DJIA Normalized Peak Plot over last 15 Recessions (1929-2020)
Explore the performance of the Dow Jones Industrial Average in the first months of the last 15 recessions (1929-2020). [Updated July 10, 2020]
About this visualization
I (Richard Evans) first created a version of this plot using STATA in early 2009 during the Great Recession (Dec. 2007 to June 2009), which I posted and wrote about on the now defunct Econosseur.com blog. The updated dynamic visualization on this page was created using the Python prgramming language and the Bokeh plotting library. It shows the Dow Jones Industrial Average (DJIA) during the last 15 recessions, from the Great Depression that started in 1929 to the current COVID-19 recession that started in February 2020. I take the peak stock price at the beginning of the recession and normalize its value to 1.0. This plot, therefore, shows the percent deviation of the DJIA during each recession relative to its peak at the beginning of the recession. It is a way to compare severity and duration of recession shocks to stock prices across different recessions in different time periods.
Back in 2009, I wanted to highlight how bad the effect of the Great Recession was on the stock market. You’ll notice that it wasn’t until October 2008, one year after the peak Dow, that its stock decline began to rival that of the Great Depression. If you were to look at a version of this plot that went out three years from the peak, you would see that the stock decline of the Great Recession was deeper than 12 of the previous 13 recessions, where the only exception was the Great Depression.
My first recent update of this plot was published in a Quantitative Note entitled, “Stock Price Perspective on Coronavirus Crash” (March 20, 2020). This piece and visualization detailed how the DJIA had dropped 37% in less than 40 days by early March 2020, which was nearly twice as big as any 40-day percent drop in any of the 14 previous recessions including the Great Depression.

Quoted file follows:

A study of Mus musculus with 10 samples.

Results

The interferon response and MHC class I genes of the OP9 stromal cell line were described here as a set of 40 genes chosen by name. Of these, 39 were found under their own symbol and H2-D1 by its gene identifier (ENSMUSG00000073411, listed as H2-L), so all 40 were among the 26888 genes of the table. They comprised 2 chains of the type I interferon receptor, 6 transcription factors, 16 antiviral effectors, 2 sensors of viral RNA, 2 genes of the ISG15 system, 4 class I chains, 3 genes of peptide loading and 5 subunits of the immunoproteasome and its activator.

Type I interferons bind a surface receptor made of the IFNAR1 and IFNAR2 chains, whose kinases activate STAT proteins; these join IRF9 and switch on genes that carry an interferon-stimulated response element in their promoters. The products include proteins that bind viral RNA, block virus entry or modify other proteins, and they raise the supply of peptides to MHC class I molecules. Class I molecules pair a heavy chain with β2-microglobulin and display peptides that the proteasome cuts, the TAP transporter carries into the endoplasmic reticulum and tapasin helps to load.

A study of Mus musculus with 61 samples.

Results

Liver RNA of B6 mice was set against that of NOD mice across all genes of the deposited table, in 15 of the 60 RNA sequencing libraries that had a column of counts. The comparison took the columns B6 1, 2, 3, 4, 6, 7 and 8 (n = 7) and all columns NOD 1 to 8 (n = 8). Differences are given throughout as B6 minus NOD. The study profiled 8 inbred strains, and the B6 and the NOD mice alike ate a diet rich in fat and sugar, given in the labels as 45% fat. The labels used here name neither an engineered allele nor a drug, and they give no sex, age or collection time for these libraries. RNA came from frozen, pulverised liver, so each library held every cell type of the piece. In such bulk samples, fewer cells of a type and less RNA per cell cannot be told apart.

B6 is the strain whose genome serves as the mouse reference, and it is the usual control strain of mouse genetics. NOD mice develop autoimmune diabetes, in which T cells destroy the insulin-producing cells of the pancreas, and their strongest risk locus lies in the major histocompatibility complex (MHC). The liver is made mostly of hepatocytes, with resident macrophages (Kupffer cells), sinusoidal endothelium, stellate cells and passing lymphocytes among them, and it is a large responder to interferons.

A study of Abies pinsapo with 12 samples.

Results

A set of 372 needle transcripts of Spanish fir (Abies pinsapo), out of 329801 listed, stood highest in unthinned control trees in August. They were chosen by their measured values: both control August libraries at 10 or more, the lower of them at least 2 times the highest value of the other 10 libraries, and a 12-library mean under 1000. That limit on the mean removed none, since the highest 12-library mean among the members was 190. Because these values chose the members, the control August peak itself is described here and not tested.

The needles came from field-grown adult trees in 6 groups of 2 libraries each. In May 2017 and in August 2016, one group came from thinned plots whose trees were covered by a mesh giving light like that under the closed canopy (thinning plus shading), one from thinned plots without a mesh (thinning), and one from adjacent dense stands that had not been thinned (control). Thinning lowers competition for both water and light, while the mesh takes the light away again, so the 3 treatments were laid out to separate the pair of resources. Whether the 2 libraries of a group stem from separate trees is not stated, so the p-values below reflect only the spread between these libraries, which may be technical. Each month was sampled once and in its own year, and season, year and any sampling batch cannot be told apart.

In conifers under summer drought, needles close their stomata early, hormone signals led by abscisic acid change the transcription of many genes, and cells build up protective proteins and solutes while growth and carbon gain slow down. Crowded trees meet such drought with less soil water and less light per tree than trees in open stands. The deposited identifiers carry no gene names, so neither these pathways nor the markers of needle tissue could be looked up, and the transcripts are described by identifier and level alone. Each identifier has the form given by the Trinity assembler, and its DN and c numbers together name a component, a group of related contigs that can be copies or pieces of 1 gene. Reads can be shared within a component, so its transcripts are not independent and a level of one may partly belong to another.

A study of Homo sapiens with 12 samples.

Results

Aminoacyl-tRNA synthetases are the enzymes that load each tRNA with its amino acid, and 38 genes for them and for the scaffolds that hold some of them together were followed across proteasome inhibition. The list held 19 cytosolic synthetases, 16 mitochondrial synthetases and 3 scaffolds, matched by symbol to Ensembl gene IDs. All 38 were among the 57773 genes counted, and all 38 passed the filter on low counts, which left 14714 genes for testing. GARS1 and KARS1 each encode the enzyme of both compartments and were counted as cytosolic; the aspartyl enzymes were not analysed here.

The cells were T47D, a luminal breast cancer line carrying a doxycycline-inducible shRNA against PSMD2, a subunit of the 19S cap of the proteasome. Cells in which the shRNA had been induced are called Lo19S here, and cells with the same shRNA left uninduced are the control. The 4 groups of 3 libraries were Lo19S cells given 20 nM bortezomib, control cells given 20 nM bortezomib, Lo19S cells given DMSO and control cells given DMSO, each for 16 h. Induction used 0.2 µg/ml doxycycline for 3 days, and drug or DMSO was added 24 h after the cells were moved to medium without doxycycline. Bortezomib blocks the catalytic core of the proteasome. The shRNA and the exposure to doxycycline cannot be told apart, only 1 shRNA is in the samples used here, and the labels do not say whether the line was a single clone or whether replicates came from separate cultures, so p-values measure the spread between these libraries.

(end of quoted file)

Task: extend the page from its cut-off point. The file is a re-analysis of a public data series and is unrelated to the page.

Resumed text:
The data underlying the visualization on this page default to showing DJIA index values in the 15 recessions from 1 month before the peak to 8 months after the peak. However, the data here are available to be views from 3 months before the peak to 12 months after the peak.
Functionality of the dynamic visualization
This dynamic visualization allows the user to customize some different views and manipulations of the data using the following functionalities.
- Highlight or mute specific recession time series by clicking on the series label in the legend on the right side of the plot. Even when muted, the time series are still faintly visible.
- Hovertool display. If you select the hovertool button on the left side of the plot, which is the default for the plot, information about each point in each time series will be displayed when you hover your cursor over a given point in the plot area.
- Pan different areas of the data. If you click on the pan button on the left side of the plot, you can use your cursor to click and drag on the data window and change your view of the data.
- Zoom in or out on the data. You can zoom in or zoom out on the data series in three different ways. You can use the box zoom functionality by clicking on its button on the left side of the plot and clicking and dragging a box on the area of the plot that you want to zoom in on. You can also zoom in by clicking on the zoom in button on the left side of the plot, then clicking on the area of the plot you want to center your zoom in around. Or you can zoom out by clicking on the zoom out button on the left side of the plot, then clicking on the area of the plot you want to center your zoom out around.
- Save current view of data as .png file. You can save your current view of the data as a .png file to your local hard drive by clicking on the save button on the left side of the plot.
- Undo and redo actions. You can undo or redo any of the plot changes that you make using the undo button or the redo button on the left side of the plot.
- Reset the plot. After any changes you make to the plot, you can reset it to its original position by using the reset button on the left side of the plot.
Contributing to this visualization code
- Browse the repository Issues for known areas that need attention.
- Submit questions or suggestions by submitting a new issue in the repository Issues.
- Submit a pull request with your proposed changes.
Evans, Richard W., “Stock Price Perspective on Coronavirus Crash,” Quantitative Notes, 2020-1 (March 20, 2020).
Evans, Richard W., “Code for creating normalized peak plot of Dow Jones Industrial Average (DJIA) in last 15 recessions,” https://github.com/OpenSourceEcon/DJIA_NormPeakPlot, (July 10, 2020).